We’re all told that adding more fresh fruits and vegetables to our diets can help us lead healthier, disease-free lives. But nothing is worse than looking in the fridge or pantry days after grocery shopping and finding rotten fruits, moldy vegetables and — worst of all — a ton of money down the drain.
The fact is there is a science to storing fruits and vegetables. Each one has its own unique needs when it comes to factors like water, sunlight and containment. The spectrum is wide, too.
Cucumbers, for example, should be stored in the fridge with a damp cloth wrapped around them while potatoes can last weeks in a cool, dry, dark pantry.
There are some foods that should never be wet when storing, like strawberries, which can easily grow mold. However, keeping celery stalks cut and in water preserves them for a longer period of time.
Tomatoes, bananas, oranges and plums can be left out on a counter at room temperature. But leave out cherries and you’ll be tossing a bunch of squishy globs of mold in a few days’ time. Even herbs have different storing needs, depending on the type. Leafy herbs like mint, parsley and basil should be kept in a damp paper towel in the fridge. Woody herbs like thyme, lavender and oregano should stay in separate sealed containers to maintain their aromas.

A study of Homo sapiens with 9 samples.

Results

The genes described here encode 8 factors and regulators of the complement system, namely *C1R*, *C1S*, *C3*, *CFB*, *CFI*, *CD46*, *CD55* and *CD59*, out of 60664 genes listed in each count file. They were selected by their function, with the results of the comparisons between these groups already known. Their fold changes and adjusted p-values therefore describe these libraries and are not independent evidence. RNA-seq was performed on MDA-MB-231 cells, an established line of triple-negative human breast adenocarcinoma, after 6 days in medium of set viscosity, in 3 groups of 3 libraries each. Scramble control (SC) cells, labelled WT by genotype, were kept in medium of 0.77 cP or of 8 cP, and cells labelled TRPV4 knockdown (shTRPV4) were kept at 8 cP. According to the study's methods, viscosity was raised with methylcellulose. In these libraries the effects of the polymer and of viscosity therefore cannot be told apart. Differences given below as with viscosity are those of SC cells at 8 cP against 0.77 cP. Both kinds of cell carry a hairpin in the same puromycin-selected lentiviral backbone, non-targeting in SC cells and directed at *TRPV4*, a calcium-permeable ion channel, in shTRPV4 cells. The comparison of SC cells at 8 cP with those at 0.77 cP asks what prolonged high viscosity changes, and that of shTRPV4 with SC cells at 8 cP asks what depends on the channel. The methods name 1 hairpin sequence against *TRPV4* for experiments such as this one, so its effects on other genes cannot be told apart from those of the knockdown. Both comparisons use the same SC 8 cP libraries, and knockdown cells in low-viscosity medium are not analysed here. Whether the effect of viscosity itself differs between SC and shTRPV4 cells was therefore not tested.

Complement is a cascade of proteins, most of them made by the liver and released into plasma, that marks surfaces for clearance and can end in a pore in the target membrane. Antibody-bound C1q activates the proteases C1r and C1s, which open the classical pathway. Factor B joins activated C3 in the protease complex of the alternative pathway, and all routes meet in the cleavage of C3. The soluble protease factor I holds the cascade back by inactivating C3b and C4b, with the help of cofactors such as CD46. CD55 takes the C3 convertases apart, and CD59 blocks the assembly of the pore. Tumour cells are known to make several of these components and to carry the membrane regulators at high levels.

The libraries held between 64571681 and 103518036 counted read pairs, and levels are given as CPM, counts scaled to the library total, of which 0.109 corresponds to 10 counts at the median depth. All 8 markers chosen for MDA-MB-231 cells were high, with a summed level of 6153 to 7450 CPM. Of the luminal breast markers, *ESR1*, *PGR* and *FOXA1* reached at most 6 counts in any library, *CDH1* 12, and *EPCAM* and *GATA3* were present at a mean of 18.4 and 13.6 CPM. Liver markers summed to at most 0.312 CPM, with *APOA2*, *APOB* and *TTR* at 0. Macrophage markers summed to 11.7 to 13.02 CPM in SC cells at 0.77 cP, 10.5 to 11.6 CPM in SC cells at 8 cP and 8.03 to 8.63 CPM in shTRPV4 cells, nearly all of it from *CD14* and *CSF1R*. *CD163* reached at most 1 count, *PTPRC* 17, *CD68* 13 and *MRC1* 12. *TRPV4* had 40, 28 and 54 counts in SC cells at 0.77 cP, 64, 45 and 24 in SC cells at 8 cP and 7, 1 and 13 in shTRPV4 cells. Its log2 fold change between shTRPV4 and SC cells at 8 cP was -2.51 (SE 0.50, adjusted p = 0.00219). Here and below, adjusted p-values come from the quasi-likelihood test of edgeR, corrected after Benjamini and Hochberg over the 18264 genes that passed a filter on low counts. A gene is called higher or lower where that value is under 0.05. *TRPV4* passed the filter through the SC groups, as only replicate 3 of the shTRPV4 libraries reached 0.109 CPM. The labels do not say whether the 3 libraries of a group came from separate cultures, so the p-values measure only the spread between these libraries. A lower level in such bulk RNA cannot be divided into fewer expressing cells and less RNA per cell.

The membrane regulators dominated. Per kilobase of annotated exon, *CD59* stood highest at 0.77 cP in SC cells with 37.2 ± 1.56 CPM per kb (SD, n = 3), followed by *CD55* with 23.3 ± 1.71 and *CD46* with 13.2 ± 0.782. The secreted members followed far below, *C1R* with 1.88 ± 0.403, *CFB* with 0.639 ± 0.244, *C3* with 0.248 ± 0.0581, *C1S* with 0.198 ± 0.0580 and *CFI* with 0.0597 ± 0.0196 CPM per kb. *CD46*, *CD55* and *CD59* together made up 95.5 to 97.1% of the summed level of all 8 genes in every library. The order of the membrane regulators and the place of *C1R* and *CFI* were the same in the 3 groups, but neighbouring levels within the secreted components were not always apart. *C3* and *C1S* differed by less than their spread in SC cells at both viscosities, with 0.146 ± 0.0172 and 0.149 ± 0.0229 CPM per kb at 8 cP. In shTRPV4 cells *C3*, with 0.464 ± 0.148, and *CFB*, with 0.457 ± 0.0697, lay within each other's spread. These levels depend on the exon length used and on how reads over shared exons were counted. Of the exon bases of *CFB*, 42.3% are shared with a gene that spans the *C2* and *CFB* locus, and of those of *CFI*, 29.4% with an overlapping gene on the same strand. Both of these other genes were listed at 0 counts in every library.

It’s no secret that Americans are notorious for wasting food. Some estimates say almost half of the food grown, processed and transported in the U.S. goes to waste. When you store your fruits and vegetables correctly, not only are you saving yourself some green, but you’re helping the planet stay a little greener, too.